The Cabinet approved the revised proposal of the Department of Industrial Policy and Promotion, Ministry of Commerce and Industry to put in place a National Manufacturing Policy.
The Cabinet in its meeting held on 15″ September 2011 considered the National Manufacturing Policy and directed that the policy may be considered by a Group of Ministers (GOM) for further harmonizing the differences in some inter-ministerial positions notably relating to Ministry of Labour and Employment and the Ministry of Environment and Forests. The GOM in its meeting held on 14th October 2011 has resolved the relevant issues. A revised note incorporating the recommendations of the GOM has been approved by the Cabinet today.
The major objectives of the National Manufacturing Policy are to increase the sectoral share of manufacturing in GOP to at least 25% by 2022; to increase the rate of job creation so as to create 100 million additional jobs by 2022; and to enhance global competitiveness, domestic value addition, technological depth and environmental sustainability of growth.
The policy has been formulated after detailed consultations with the industry; subject matter experts; State Governments and the concerned Ministries/Departments of the Government of India. The policy envisages specific interventions broadly in the areas of industrial infrastructure development; improvement of the business environment through rationalization and simplification of business regulations; development of appropriate technologies especially green technologies for sustainable development and skill development of the younger population.
Industrial infrastructure development is envisaged not only generally but also through the creation of large integrated industrial townships called National Investment and Manufacturing Zones (NIMZs) with state-of-the-art infrastructure; land use on the basis of zoning; clean and energy efficient technologies; necessary social and institutional infrastructure in order to provide a productive environment to persons transitioning from the primary to the secondary and tertiary sectors. The land for these zones will preferably be waste infertile land not suitable for cultivation; not in the vicinity of any ecologically fragile area and with reasonable access to basic resources.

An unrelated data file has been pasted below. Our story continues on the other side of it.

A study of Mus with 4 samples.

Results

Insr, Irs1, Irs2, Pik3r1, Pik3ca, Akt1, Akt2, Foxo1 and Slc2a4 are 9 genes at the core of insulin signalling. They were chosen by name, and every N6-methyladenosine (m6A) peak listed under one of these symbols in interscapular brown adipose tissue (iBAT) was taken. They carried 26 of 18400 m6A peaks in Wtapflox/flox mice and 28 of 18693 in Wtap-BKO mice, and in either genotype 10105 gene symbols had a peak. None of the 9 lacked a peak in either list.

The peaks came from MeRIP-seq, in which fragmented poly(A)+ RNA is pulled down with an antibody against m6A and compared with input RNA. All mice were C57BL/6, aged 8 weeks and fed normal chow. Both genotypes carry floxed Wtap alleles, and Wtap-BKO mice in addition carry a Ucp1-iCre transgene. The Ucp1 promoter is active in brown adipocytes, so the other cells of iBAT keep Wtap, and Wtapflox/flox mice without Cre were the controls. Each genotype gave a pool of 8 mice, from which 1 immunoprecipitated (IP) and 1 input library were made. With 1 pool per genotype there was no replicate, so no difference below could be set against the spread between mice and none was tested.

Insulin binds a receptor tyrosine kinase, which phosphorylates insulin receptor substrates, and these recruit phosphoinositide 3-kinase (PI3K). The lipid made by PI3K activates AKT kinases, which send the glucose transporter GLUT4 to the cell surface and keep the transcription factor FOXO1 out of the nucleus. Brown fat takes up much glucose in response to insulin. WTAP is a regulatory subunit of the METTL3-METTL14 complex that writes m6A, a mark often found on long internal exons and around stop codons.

It is envisaged to ensure compliance of labour and environmental laws while introducing procedural simplifications and rationalization so that the regulatory burden on industry is reduced. The interventions proposed are generally sector neutral, location neutral and technology neutral except the attempt to incentivize green technology for sustainable development No subsidies are proposed for individual units or areas. The basic thrust is to provide an enabling environment for tapping the potential of the private sector and the entrepreneurial skills of the younger population.
The contribution of the manufacturing sector at just over 16% of India`s GOP is much below its potential and a cause of concern especially in the context of other Asian countries in similar stages of development. This also has its socio-economic manifestations and prevents India from fully leveraging the opportunities of globalization. India is a young country with over 60% of its population in the working age group. With over 220 million people estimated to join the work force in the next decade, the manufacturing sector will have to create gainful employment for at least half this number. With a view to accelerating the growth of the manufacturing sector, the manufacturing policy proposes to create an enabling environment suitable for the sector to flourish in India.